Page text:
Two Resources For The Evaluation And Treatment of Cirrhosis With Ascites

In Resources I have placed links to two useful guidelines on cirrhosis with ascites.

What follows is from Reference (1):

Most patients (approximately 85%) with
ascites in the United States have cirrhosis (Table 2).10
In about 15% of patients with ascites, there is a nonhepatic
cause of fluid retention. Successful treatment is
dependent on an accurate diagnosis of the cause of ascites;
e.g., peritoneal carcinomatosis does not respond
to diuretic therapy. Patients with ascites should be
questioned about risk factors for liver disease. Those
who lack an apparent cause for cirrhosis should also be
questioned about lifetime body weight (to determine
the number of years of overweight or obesity) and diabetes
as nonalcoholic steatohepatitis has been concluded
to be causative in many of these patients.11
Past history of cancer, heart failure, renal disease, thyroid
disease or tuberculosis is also relevant. Hemophagocytic
syndrome can masquerade as cirrhosis with ascites.12
These patients have fever, jaundice, and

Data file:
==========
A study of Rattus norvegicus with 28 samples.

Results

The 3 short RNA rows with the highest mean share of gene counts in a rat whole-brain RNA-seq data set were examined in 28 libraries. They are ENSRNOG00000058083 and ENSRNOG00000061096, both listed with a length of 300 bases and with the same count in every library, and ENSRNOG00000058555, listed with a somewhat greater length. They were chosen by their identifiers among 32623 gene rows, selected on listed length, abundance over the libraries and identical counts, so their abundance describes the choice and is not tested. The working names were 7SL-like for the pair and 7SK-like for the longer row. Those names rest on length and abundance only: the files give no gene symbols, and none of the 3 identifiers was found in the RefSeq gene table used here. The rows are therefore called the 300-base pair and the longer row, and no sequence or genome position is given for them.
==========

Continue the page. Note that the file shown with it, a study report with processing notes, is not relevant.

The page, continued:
hepatosplenomegaly, usually in the setting of lymphoma
or leukemia.12

The physical examination for detecting ascites in the
obese patient is problematic. An abdominal ultrasound
may be required to determine with certainty if fluid is
present. Ascites usually is present for only a few weeks
before the patient seeks medical attention. In contrast
a slowly enlarging abdomen over months to years is
most likely due to obesity not ascites.
The diagnosis of new-onset ascites is suspected on
the basis of the history and physical examination and
usually confirmed by successful abdominal paracentesis
and/or ultrasound. The diagnosis of the etiology of ascites
formation is based on the results of the history,
physical, and ascitic fluid analysis. In general, few
other tests are required. However, the liver is commonly
imaged to screen for morphologic evidence of
cirrhosis and portal hypertension, tumors, portal vein
thrombosis, and hepatic vein thrombosis.

Abdominal paracentesis with appropriate ascitic fluid analysis is probably the most rapid and cost-effective method of diagnosing the cause of ascites.16,17 Fluid due to portal hypertension can be readily differentiated from fluid due to
other causes.10 Also, in view of the high prevalence of
ascitic fluid infection at the time of admission to the
hospital, an admission surveillance tap may detect
unexpected infection.18




(8) Management of Adult Patients with Ascites Due to Cirrhosis: Update 2012 [Full Text PDF] from The American Association For The Study  Of Liver Diseases

(2) EASL clinical practice guidelines on the management of ascites, spontaneous bacterial peritonitis, and hepatorenal syndrome in cirrhosis [PubMed Citation] [Full Text HTML] [Full Text PDFEuropean Association for the Study of the Liver.
J Hepatol. 2010 Sep;53(3):397-417. doi: 10.1016/j.jhep.2010.05.004. Epub 2010 Jun 1.